Pentagon Seeks To Boost Spending on EELV Rockets


The U.S. Air Force is seeking $1.76 billion for the Evolved Expendable Launch Vehicle (EELV) program next year, some $450 million more than the service estimated it would need in the budget blueprint it sent to Congress one year ago. Congress has yet to pass a budget for 2011, leaving the Pentagon, along with the rest of the federal government, to operate at 2010 funding levels under a so-called continuing resolution that expires March 4.

According to the budget documents, the EELV increase would enable the Air Force to purchase four new rockets during 2012. U.S. Defense Secretary Robert Gates hinted recently that funding for the program would be increased to, among other things, help stabilize the U.S. launch vehicle industrial base.

The Air Force’s 2010 EELV budget is $1.14 billion, and the service requested $1.18 billion in 2011. Those budgets were designed to support the purchase of three rockets in each of those years, the documents said.

“Through these more efficient purchases of launch vehicles, we’ll start to see some of our acquisition improvements come to fruition,” Brig. Gen. Al Flowers, Air Force budget director, said in remarks posted on the service’s website.

Flowers said the service’s quest for better acquisition efficiency also applies to the satellite programs.

“We’re asking for support in buying multiple advanced extremely-high-frequency satellites and space-based infrared system satellites using innovative acquisition strategies in order to procure satellites more efficiently and stabilize work for our industrial base,” he said.

Also included in the Pentagon’s space budget request for 2012:

  • $995.2 million for the Space Based Infrared System, compared with $987.4 million appropriated for 2010 and $1.53 billion requested for 2011. The first of the new missile warning satellites is slated to launch this May.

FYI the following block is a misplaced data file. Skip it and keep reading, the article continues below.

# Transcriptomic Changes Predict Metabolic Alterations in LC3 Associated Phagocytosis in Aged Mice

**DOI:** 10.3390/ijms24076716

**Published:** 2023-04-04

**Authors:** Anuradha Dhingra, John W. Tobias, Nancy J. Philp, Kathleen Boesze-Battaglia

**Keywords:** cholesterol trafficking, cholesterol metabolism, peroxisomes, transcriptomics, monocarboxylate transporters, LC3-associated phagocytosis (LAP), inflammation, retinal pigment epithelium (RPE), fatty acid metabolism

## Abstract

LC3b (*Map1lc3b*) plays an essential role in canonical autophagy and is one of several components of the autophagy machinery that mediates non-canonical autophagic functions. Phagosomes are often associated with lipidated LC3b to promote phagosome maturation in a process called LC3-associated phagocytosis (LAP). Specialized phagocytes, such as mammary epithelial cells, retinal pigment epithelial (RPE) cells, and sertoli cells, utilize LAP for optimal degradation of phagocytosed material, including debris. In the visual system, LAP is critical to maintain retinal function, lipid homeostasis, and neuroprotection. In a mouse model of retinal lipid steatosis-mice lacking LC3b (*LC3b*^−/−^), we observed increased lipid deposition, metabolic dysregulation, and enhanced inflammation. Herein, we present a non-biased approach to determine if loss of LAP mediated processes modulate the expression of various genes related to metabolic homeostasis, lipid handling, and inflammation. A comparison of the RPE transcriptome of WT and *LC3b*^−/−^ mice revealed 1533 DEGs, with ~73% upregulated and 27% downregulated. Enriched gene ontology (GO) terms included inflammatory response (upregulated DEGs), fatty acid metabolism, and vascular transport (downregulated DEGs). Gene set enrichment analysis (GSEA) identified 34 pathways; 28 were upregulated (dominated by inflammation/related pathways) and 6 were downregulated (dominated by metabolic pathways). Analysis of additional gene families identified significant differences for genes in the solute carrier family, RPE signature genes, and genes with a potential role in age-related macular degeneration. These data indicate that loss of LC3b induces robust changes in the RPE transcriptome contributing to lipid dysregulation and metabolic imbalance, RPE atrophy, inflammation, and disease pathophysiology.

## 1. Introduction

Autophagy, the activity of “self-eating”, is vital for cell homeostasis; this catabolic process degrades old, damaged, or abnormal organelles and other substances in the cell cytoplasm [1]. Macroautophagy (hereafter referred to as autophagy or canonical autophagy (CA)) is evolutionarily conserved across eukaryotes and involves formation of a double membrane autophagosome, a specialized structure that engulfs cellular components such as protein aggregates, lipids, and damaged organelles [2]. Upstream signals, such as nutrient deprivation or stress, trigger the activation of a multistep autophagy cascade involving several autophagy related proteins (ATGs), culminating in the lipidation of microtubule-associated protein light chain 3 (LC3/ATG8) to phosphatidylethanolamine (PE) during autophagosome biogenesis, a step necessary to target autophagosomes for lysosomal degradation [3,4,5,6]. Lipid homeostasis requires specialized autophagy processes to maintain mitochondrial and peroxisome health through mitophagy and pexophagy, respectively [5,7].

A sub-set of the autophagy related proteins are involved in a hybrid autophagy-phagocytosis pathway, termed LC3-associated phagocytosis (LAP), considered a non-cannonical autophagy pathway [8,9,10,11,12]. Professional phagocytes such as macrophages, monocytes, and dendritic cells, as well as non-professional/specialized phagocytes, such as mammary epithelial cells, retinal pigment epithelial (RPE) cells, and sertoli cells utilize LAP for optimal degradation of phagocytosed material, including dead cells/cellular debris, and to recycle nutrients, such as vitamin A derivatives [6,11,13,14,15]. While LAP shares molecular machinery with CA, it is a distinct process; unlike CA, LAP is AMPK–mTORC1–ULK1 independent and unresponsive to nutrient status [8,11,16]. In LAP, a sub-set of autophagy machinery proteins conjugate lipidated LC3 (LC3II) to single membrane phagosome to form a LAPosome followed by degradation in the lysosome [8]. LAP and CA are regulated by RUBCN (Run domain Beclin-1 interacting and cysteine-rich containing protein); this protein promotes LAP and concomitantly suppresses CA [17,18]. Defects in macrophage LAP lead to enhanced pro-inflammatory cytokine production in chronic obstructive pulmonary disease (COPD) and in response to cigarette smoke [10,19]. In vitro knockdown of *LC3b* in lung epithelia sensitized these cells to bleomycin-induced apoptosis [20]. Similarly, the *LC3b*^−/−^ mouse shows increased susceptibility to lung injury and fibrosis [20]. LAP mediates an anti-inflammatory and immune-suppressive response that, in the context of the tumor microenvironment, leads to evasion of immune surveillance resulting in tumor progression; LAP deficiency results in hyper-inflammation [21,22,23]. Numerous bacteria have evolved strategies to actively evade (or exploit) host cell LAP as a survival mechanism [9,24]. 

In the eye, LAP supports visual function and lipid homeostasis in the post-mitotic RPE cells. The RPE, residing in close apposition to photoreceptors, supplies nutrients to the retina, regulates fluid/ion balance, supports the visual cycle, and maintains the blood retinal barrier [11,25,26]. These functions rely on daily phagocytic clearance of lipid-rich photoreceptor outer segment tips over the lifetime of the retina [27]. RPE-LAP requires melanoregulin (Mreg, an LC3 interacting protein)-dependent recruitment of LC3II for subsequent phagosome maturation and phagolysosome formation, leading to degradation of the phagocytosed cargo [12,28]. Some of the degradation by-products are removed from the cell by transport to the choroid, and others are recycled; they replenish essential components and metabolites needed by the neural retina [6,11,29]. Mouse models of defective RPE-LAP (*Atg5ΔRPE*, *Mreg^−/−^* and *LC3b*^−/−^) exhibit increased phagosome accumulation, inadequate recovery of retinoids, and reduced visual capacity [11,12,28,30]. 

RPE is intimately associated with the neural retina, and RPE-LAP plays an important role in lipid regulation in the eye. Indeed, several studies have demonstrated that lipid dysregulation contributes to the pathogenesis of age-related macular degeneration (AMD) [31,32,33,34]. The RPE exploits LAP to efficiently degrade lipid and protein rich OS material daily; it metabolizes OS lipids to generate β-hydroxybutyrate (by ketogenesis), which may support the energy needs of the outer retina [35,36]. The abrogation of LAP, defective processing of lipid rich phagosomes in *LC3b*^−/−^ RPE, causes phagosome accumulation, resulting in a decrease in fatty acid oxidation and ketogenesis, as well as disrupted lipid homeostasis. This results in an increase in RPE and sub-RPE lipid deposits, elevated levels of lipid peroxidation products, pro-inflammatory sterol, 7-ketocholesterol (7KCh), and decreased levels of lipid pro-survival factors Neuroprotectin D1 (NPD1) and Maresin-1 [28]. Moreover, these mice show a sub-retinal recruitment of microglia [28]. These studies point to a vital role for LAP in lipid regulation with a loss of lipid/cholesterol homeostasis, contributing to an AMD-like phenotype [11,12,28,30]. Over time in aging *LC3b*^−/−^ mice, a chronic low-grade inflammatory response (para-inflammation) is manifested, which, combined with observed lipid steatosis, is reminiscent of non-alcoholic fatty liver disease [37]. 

• $974.5 million for the Advanced Extremely High Frequency secure communications system, compared with $2.3 billion appropriated for 2010 and $598.4 million requested for 2011. The first of the new-generation satellites launched last year.
  • $481.5 million for the Wideband Global Satcom system, compared with $279.6 million appropriated for 2010 and $611.8 million requested for 2011. The 2012 request fully funds the purchase of an eighth satellite in the series, the budget documents show.
  • $482.4 million for the U.S. Navy’s Mobile User Objective System narrowband communications satellites, compared with $908.2 million appropriated for 2010 and $911.4 million requested for 2011. The 2010 and 2011 numbers reflected the purchase of satellites in each year.
  • $1.46 billion for the GPS satellite navigation program, compared with $880.4 million appropriated for 2010 and $1.05 billion requested for 2011. The Air Force is developing a series of more capable GPS satellites that are slated to launch starting around 2014.
  • $444.9 million for the Defense Weather Satellite System. The Pentagon requested $351.8 million for the program in 2011. The Air Force’s 2010 weather satellite budget is $398.9 million, but that funding was appropriated for a joint military-civil system that has since been canceled.